Iraqi President: We're Frustrated With Coalition Forces

Tension and frustration between U.S. military forces and the Iraqi government is rising two-and-a-half years after the U.S invasion, said an Iraqi with a unique perspective on the problem – the country’s president.

In an exclusive interview Saturday with FOX News, Iraqi President Jalal Talabani (search) said the American military commanders with whom he has spoken agree to give Iraqi forces a larger role in defending their country, but do not follow up with action.

"We ask them for things to change, they agree, and then nothing happens," Talabani said. He spoke to FOX News at his Baghdad residence over Iftar, the traditional evening meal marking the end of the day’s fast during the Muslim holy month of Ramadan (search).

Talabani said Iraqi leaders have repeatedly asked Coalition forces to concentrate their efforts on protecting key infrastructure, such as oil pipelines and water pumping stations. Iraq produces fewer than one million barrels of oil per day, a fraction of its potential.

U.S. military authorities, contacted Sunday by FOX News, declined an opportunity to comment on Talabani’s remarks.

Talabani, an Iraqi Kurd (search), praised the passage of the country’s constitution, approved by voters in a referendum earlier this month.

“The most important thing is that the Iraqi people are thirsty for freedom,” he said. “For the first time Iraqis now enjoy the full benefits of democracy. Even the parties supporting Saddam Hussein (search) are organizing openly.”

Asked if he has high hopes for the Dec. 15 election, when Iraqis are scheduled to vote for a parliament and government, Talabani replied: “I cannot say ‘high.’ I have hopes.”

Most of the Sunni Arabs who went to the polls Oct. 15 voted against the charter. Talabani, however, pointed out the relatively low turn-out rates in some Sunni areas of the country, saying he believes a majority of Sunni Arabs support the charter but were intimidated by the terrorist threat into staying away from polling places.

He also predicted that December’s vote will see a swing away from the Shiite Muslim religious parties that dominated last January’s elections for a transitional national assembly. The Shiite alliance that dominates the current government, he said, has left many Iraqis frustrated with its emphasis on religion and its inability to repair the country’s battered infrastructure.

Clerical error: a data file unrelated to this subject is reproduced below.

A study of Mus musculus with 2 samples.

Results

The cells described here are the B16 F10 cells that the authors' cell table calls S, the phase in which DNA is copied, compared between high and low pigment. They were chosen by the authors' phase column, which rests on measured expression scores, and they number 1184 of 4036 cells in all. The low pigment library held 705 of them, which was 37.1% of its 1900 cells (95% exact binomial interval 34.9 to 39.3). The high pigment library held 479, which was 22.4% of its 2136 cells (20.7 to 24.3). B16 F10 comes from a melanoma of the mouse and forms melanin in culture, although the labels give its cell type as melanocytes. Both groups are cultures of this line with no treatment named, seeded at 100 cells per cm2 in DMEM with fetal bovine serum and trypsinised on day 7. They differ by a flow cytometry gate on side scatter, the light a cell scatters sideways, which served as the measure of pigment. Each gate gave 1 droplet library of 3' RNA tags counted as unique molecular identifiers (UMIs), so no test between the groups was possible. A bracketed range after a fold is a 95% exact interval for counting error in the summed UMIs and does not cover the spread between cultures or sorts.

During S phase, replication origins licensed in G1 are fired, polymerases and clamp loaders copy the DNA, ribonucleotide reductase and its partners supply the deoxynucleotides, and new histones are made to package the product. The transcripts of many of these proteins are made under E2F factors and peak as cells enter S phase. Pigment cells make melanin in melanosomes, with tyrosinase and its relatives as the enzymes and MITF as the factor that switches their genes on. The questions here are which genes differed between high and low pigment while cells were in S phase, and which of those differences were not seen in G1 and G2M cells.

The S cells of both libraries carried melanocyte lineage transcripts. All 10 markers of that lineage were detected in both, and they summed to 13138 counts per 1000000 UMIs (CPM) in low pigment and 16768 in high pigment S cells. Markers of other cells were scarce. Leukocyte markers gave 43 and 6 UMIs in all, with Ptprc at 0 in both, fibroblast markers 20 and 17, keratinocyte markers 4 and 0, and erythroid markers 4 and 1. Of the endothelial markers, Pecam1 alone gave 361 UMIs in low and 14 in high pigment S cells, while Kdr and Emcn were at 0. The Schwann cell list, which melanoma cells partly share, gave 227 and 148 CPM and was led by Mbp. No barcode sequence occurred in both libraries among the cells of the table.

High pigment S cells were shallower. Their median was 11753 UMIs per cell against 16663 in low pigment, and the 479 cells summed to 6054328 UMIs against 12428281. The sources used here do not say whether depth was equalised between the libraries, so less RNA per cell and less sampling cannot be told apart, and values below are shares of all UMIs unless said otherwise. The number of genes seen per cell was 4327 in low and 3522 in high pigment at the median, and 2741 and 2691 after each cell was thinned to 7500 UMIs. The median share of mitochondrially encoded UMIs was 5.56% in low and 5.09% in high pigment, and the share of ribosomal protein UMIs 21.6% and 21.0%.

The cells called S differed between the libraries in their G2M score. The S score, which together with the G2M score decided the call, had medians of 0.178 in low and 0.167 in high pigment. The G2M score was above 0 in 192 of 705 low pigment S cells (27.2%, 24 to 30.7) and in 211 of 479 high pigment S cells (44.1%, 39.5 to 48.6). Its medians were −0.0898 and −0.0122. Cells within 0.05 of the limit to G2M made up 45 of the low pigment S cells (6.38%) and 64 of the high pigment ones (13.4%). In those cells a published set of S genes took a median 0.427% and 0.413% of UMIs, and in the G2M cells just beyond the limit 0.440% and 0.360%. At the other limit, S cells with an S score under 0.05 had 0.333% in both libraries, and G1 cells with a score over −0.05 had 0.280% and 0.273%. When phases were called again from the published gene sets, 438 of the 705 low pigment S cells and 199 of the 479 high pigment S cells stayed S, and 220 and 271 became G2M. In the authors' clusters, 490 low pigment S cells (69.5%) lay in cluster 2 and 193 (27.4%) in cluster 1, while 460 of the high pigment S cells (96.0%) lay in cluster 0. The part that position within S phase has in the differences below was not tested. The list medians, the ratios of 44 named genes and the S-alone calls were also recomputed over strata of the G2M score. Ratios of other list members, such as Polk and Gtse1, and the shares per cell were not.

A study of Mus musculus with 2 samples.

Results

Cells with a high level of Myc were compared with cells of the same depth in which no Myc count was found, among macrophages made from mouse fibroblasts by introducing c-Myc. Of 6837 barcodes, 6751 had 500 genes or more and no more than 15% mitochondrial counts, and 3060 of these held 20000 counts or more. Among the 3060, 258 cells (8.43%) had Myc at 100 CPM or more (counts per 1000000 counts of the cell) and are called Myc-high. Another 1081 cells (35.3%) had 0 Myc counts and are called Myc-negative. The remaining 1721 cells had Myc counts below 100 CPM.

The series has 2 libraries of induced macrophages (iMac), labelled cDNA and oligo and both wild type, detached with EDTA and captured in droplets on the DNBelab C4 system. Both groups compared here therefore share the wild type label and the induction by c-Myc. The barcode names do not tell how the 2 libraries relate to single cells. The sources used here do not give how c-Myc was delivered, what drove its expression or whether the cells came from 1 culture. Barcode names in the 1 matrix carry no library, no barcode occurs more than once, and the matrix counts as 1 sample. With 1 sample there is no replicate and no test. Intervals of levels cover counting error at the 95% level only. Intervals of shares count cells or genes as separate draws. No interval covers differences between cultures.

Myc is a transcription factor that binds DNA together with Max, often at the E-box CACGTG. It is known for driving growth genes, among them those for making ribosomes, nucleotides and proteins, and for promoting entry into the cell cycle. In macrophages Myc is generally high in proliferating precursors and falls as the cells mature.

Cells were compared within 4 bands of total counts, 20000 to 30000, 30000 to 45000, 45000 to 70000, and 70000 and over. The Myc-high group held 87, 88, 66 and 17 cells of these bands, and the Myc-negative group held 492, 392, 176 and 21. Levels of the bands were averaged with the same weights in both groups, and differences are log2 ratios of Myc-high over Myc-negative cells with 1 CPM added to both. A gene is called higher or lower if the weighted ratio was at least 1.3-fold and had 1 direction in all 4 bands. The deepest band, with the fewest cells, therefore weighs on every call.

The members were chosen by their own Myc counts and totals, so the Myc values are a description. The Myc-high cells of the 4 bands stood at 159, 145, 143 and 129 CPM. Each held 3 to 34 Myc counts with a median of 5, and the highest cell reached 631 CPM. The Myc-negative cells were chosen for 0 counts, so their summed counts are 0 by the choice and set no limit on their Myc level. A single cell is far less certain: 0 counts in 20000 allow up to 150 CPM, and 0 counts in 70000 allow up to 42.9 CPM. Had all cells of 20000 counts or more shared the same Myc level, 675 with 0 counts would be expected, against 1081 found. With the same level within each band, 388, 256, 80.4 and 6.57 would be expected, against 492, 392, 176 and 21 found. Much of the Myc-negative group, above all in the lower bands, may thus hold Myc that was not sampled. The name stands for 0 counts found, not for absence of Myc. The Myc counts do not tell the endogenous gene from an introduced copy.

Religious Shiite parties, he said, took 48 percent of the vote in January but are likely to fall to 33 percent or 34 percent in December, with Sunni Arabs and more secular-minded Shiites emerging as the main beneficiaries.

He called Iraq a fractious country, a “national bouquet” that no single ethnic or religious group can hope to dominate.

He dismissed comments by Sunni politicians who accuse the Kurds of wanting to break up Iraq. Some Sunni leaders charge the new constitution, with its guarantees of significant autonomy for Iraq’s governorates and regions, is a step toward the partition of the country.

“They know it’s not true,” he said. “They know it’s propaganda.”

Unlike the Shiites and Kurds in the Iraqi assembly, he noted, the current Sunni leadership has never been tested at the polls. Many of them, he said, are “extremists” who are not representative of the Sunni community as a whole, which, he predicted, would become clear once the December votes are counted.

In contrast to the country’s Shiite prime minister, Ibrahim Jafaari, who hesitated to condemn inflammatory comments about Israel by Iran’s president, Mahmoud Ahmadinejad, called the remarks “unreasonable and impossible,” adding: “He’s not speaking as a responsible president of a republic.”

“Arabs and Muslims must understand one thing which is important: The foundation of Israel was according to the consensus of the international community. It was an international decision. You cannot dismiss it or ignore it.”